Edgar Degas or, more accurately, Hilaire-Germain-Edgar De Gas, was one of the French Impressionists who defied that group, thereby making him one of the quintessential painters of that “school.” Schools of art, much like schools of thought or even schools of education, limit the artistic mind, if not the mind itself. With Degas, art was his oyster. Filled with independence and self-possession, he uniquely possessed a passion for music, painting, drawing (or drafting), printmaking, and, one might say, for passion in general.

He was innately innovative in a society that was beginning to thrive on the mere notion of innovation; conservative in a society that preparing to abandon the old conventions; and sensual toward his aesthetic art in the way that a sculptor approaches his clay. Indeed, Degas did create sculpture although he is best known for his scenes of Parisian life, particularly his ballet dancers.


Edgar Degas was born in Paris on 19 July 1834 and he died in Paris on 27 September 1917. He remained a Parisian during that prolific lifetime, creating vibrant scenes in Paris while, at the same time, devising unusual, new techniques with the tried-and-true materials of the painter. He found distinct pleasure in solving the ages-old problems that any visual artist faces: how to depict 3-D objects on a flat surface.

The list of his materials is fascinating: ink, pen, pencil, chalk, pastel, charcoal, oil, real hair, water colour, gouache, an ancient form of a non-durable paint called distemper; metallic pigments; as well as combinations of each medium. Surfaces for these materials included a wide assortment of canvases, with varying textures; card stock; silk, ceramic; tile; wood panels; paper; and, eventually, photographic film.


This painter was so inventive that he used the techniques of the Old Masters, many of whom he’d intensely studied, to arrive at iconoclastic forms of his own. Among the French Impressionists, a master technician of materials, design, composition, symmetry, color, line and form — was rare. Degas truly multi-tasked his art.

Part-craftsman, part-artist, part-apprentice, part-disciple (of Leonardo da Vinci, Michelangelo, Caravaggio), this Parisian was so much more than a “painter of ballet dancers.” Surveying his aesthetic interests, one might say that he was always in search of new visual mediums through which he could express his creative visions and his highly unusual perspectives, artistic and otherwise.


In this ever-expansive manner, Edgar Degas bridged the gap between the traditional art of academic study (into which he thoroughly immersed himself) and the divergent art forms of the early 20th century. His primary passion for the human form, and for the female body in particular, brought him acclaim, fame, disdain, and a wide range of critics. Being provocative was not perhaps his goal, but Degas tended to arouse the senses through his painting.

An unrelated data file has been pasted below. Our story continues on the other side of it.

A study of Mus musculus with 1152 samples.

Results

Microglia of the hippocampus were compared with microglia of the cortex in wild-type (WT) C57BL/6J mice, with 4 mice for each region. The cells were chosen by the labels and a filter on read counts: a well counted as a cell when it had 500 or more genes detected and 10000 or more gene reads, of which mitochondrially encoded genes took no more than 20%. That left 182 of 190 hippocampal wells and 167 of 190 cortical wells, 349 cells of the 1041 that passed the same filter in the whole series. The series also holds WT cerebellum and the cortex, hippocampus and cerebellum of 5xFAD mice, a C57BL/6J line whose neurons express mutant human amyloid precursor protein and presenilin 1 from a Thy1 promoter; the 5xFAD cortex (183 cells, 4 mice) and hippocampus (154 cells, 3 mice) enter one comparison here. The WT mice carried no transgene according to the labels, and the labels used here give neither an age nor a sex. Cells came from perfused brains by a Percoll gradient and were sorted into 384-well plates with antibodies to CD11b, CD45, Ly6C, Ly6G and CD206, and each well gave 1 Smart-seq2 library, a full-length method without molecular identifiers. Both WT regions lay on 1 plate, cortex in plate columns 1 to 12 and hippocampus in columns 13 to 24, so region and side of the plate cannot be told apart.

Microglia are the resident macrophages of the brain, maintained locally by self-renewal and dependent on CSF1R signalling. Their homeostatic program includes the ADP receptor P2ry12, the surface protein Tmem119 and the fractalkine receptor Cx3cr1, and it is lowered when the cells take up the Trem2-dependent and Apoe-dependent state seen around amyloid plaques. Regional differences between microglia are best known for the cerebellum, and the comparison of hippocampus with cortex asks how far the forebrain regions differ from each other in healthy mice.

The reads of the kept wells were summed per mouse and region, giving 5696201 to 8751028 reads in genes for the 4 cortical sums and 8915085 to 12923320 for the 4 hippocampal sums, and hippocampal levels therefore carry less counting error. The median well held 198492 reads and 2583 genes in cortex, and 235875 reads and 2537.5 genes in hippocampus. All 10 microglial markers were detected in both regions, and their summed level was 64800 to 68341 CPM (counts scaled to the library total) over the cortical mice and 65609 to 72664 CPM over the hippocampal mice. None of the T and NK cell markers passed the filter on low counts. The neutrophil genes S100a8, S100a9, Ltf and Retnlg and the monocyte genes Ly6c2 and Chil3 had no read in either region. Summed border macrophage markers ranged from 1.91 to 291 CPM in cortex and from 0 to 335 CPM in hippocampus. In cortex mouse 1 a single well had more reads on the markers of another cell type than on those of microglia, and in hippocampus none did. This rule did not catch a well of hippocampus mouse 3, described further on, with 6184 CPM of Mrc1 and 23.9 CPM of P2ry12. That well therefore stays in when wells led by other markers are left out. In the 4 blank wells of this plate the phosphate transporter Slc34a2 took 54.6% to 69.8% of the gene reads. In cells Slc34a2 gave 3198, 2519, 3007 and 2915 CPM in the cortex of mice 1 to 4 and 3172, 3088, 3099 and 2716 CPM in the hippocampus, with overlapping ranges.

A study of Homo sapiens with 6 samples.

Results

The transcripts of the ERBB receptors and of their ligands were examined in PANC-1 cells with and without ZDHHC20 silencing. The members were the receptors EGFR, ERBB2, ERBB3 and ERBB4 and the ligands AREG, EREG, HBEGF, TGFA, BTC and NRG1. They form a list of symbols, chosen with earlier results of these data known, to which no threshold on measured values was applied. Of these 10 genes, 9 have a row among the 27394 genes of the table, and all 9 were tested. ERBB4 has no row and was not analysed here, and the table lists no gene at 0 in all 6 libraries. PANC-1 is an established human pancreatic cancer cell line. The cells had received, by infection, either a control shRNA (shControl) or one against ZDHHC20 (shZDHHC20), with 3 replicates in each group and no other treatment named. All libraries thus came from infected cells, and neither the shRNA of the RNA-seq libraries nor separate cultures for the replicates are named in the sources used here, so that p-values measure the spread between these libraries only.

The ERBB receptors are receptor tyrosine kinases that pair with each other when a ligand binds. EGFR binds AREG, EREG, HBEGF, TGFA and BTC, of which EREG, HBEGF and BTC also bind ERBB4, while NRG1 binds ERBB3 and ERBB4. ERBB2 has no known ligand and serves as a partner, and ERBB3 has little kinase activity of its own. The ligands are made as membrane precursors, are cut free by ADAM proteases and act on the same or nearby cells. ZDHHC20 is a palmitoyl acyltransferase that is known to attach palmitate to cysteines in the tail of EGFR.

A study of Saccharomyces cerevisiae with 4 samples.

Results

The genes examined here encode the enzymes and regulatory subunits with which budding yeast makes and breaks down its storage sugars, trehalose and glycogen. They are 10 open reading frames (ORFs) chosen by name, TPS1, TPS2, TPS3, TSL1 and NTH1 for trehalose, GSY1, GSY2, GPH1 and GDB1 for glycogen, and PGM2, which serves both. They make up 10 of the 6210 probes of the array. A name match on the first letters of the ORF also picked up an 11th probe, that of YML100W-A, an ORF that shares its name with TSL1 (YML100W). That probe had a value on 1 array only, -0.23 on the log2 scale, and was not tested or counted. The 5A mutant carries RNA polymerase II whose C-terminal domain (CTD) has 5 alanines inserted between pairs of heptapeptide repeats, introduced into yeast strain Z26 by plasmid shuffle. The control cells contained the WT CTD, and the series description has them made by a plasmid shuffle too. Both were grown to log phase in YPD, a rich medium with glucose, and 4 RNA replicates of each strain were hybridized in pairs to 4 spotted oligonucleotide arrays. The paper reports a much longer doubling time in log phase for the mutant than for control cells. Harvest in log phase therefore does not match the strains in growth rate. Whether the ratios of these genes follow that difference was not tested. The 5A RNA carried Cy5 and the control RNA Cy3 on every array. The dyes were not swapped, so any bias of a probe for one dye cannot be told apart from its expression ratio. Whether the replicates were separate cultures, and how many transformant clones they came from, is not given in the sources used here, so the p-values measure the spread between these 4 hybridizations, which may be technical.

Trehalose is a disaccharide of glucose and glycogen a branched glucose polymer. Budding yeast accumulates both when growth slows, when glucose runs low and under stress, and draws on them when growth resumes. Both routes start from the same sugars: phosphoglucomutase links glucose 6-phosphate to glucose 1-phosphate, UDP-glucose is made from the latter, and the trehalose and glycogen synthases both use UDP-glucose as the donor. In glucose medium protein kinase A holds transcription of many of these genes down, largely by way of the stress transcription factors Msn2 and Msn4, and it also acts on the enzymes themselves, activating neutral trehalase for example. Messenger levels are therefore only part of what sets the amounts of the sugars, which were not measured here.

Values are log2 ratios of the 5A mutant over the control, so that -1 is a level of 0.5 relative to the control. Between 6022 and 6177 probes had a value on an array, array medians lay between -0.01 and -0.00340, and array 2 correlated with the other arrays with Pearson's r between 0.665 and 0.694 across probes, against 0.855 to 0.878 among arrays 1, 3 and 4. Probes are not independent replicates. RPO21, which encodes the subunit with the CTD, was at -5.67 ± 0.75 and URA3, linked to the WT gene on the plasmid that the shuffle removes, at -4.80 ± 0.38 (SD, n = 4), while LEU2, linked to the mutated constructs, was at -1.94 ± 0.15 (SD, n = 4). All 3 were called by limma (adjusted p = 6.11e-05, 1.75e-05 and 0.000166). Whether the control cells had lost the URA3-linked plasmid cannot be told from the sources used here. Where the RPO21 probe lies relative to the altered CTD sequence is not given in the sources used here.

Widely celebrated for his depictions of life in Paris, high as well as low life, Degas also mastered the self-portrait, larger portraits, and historical scenes. His works clearly show his love of sensual color and saturated hues, married to his devotion to the severity of line. As a young artist, Degas deeply admired the French portrait painter of Classical line, Jean-Auguste-Dominique Ingres; as a maturing artist, he followed the examples set by Eugène Delacroix, the French romantic painter and master of dramatic colour.


Those two artists formed, for Degas, the opposing strains that he had to resolve as a fully-fledged artist. The mature works of Degas present his merging of those two impulses, firm line and forceful tone, almost as if he has composed a magnificent symphony with his paintbrush. The forms are vigorously drawn in brilliant colors. There are in his most wondrous paintings a melodious outpouring of strong lines and dense hues, with the sense of movement, as if Degas heard music while he painted.


There is a balancing act that any artist must perform, and tackle, between line and color, restraint and expression. Degas walked that fine line with finesse and flair.


He stated:


“Painting is easy when you don’t know how, but very difficult when you do.”

This statement takes into account every lesson that the artist must bear in mind each time that he takes pen, paintbrush, pencil or crayon into his hand: Each work demands different lessons. And each work will teach even more lessons to the artist of how much he still does not know about his art.


Edgar Degas was his own best critic, and that role, among all of the roles of this multi-tasking artist, was the most demanding and painstaking one of all.